Adam Jones‘ discipline at the plate has been a hot button issue in Baltimore after the Orioles centerfielder hit .237/.248/.386 in June and went 45 games between walks. With two on and one out in the bottom of the fifth and the O’s down 5-2, Jones swung at two changeups in the dirt and struck out swinging.
After the game, MASN’s Steve Melewski asked him about his approach during the at-bat. “I chased pitches that I shouldn’t have. Pretty simple. There’s no — there’s no equation to figure that out. I chased them,” Jones said.
Prior to Tuesday night’s game, I examined just how much Jones chases pitches outside of the zone and the affects it has had on his performance at the plate in my weekly column on MASNSports.com.
According to FanGraphs.com’s PITCHf/x Plate Discipline data, Jones has swung at 44.2 percent of the pitches he’s seen outside of the strike zone this season, a career high. In 2012, that number was 40.4 percent and has hovered around that total over the previous three seasons. By comparison, Omar Infante and Mike Napoli, two guys who share Jones’ .339 wOBA this season, have swung at 26.7 percent and 26.1 percent of the pitches they see out of the zone, respectively.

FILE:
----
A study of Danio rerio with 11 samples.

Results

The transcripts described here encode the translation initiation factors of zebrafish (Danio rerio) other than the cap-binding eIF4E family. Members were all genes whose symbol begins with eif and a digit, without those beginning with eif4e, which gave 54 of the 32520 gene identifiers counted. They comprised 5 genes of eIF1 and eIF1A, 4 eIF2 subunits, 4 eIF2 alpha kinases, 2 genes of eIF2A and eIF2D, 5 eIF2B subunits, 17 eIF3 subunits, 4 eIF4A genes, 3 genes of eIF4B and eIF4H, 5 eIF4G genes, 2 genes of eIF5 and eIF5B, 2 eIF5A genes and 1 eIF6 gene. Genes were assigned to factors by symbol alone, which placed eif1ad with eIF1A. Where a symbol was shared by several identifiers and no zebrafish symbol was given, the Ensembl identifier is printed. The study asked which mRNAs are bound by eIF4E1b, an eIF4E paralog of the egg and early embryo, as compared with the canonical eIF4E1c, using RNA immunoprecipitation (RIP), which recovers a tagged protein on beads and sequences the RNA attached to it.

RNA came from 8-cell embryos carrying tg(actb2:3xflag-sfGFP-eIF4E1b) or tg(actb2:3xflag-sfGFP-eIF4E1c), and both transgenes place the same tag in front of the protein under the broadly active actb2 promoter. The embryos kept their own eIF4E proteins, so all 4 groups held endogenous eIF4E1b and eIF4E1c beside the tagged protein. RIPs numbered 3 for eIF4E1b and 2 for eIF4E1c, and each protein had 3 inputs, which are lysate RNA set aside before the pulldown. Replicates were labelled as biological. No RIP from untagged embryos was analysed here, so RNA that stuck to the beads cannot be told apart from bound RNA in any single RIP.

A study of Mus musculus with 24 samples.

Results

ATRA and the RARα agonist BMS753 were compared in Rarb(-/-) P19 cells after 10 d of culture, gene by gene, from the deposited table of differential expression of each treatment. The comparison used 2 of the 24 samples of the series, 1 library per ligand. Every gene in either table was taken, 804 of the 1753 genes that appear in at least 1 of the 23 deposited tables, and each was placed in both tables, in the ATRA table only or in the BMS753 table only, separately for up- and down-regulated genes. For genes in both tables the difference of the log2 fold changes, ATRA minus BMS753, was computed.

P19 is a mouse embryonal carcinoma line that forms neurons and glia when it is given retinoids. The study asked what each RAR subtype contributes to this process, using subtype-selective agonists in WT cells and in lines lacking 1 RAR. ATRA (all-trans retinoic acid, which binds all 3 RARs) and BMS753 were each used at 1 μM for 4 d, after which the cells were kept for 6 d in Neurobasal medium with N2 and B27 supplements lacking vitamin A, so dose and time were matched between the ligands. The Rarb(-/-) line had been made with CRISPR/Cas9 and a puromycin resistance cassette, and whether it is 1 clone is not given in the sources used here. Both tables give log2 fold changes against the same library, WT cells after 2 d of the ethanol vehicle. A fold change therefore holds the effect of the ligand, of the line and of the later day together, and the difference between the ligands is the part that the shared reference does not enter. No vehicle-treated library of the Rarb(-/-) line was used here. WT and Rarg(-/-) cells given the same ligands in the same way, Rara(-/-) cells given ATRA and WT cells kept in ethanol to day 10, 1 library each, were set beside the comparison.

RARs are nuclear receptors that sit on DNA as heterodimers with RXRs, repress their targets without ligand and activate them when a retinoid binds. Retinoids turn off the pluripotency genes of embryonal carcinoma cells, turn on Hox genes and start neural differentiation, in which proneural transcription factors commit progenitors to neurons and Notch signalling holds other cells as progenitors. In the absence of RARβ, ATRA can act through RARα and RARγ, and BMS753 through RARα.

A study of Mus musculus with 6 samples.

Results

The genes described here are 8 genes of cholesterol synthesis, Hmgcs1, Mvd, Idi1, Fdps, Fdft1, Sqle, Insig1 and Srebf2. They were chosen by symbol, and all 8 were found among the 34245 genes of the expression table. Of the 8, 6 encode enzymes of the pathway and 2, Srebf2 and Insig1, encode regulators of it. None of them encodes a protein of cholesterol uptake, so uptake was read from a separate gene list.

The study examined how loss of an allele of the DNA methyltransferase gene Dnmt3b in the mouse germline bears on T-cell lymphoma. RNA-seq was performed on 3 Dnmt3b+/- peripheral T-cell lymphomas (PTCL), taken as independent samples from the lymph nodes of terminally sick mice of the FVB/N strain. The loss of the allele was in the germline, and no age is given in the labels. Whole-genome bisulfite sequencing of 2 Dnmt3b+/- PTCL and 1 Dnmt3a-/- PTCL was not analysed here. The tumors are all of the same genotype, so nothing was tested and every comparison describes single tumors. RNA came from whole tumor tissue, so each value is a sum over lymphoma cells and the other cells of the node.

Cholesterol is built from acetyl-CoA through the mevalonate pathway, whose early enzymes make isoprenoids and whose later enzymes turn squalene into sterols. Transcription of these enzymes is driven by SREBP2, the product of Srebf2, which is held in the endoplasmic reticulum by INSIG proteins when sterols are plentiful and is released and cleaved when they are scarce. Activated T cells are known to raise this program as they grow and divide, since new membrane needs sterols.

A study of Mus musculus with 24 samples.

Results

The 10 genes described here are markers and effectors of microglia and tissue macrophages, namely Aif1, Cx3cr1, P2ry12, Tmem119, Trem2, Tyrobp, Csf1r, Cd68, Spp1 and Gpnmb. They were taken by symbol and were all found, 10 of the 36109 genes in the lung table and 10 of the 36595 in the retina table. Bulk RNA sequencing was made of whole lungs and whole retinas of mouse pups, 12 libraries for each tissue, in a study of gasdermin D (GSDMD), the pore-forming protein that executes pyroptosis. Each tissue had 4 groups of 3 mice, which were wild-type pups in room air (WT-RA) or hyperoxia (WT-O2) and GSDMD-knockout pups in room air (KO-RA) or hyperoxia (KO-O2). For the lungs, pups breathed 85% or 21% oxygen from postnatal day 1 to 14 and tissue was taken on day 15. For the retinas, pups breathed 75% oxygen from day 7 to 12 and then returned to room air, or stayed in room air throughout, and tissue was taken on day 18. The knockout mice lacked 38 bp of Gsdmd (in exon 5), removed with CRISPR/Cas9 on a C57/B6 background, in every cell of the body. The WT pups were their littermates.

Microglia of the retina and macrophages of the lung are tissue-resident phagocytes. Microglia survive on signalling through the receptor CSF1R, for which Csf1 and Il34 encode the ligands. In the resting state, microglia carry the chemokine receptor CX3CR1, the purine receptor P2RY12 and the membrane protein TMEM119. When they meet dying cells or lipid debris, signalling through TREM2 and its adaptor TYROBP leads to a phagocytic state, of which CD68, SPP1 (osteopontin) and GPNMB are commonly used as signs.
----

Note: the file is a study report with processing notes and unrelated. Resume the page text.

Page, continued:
Overall, Jones has swung at 57.8 percent of all the total pitches he’s seen this season. Remarkably, he’s been able to make contact with 61.6 percent of the pitches he’s seen outside of the zone, 86.7 percent of the pitches in the zone and 76.1 percent of the total pitches he has swung at this year.
Kudos to Melewski for asking the tough questions and good on Jones for sticking around to answer them.
Jones swing percentage is up this season, but he saw success as a free swinger the first two months of the season. For a guy that takes as many hacks as he does, he manages to maintain a respective strikeout rate.
The big problem for Jones in June was his batting average on balls in play. As I point out in the column, Jones’ BABIP dipped from .323 in May to .258 in June. Heading into last night’s game Jones had recorded a .276 BABIP in 29 at-bats in July.
While the Orioles struggles at the dish are frustrating (they’re 8-for-19 with RISP in their last 9 games), starting pitching remains their top concern.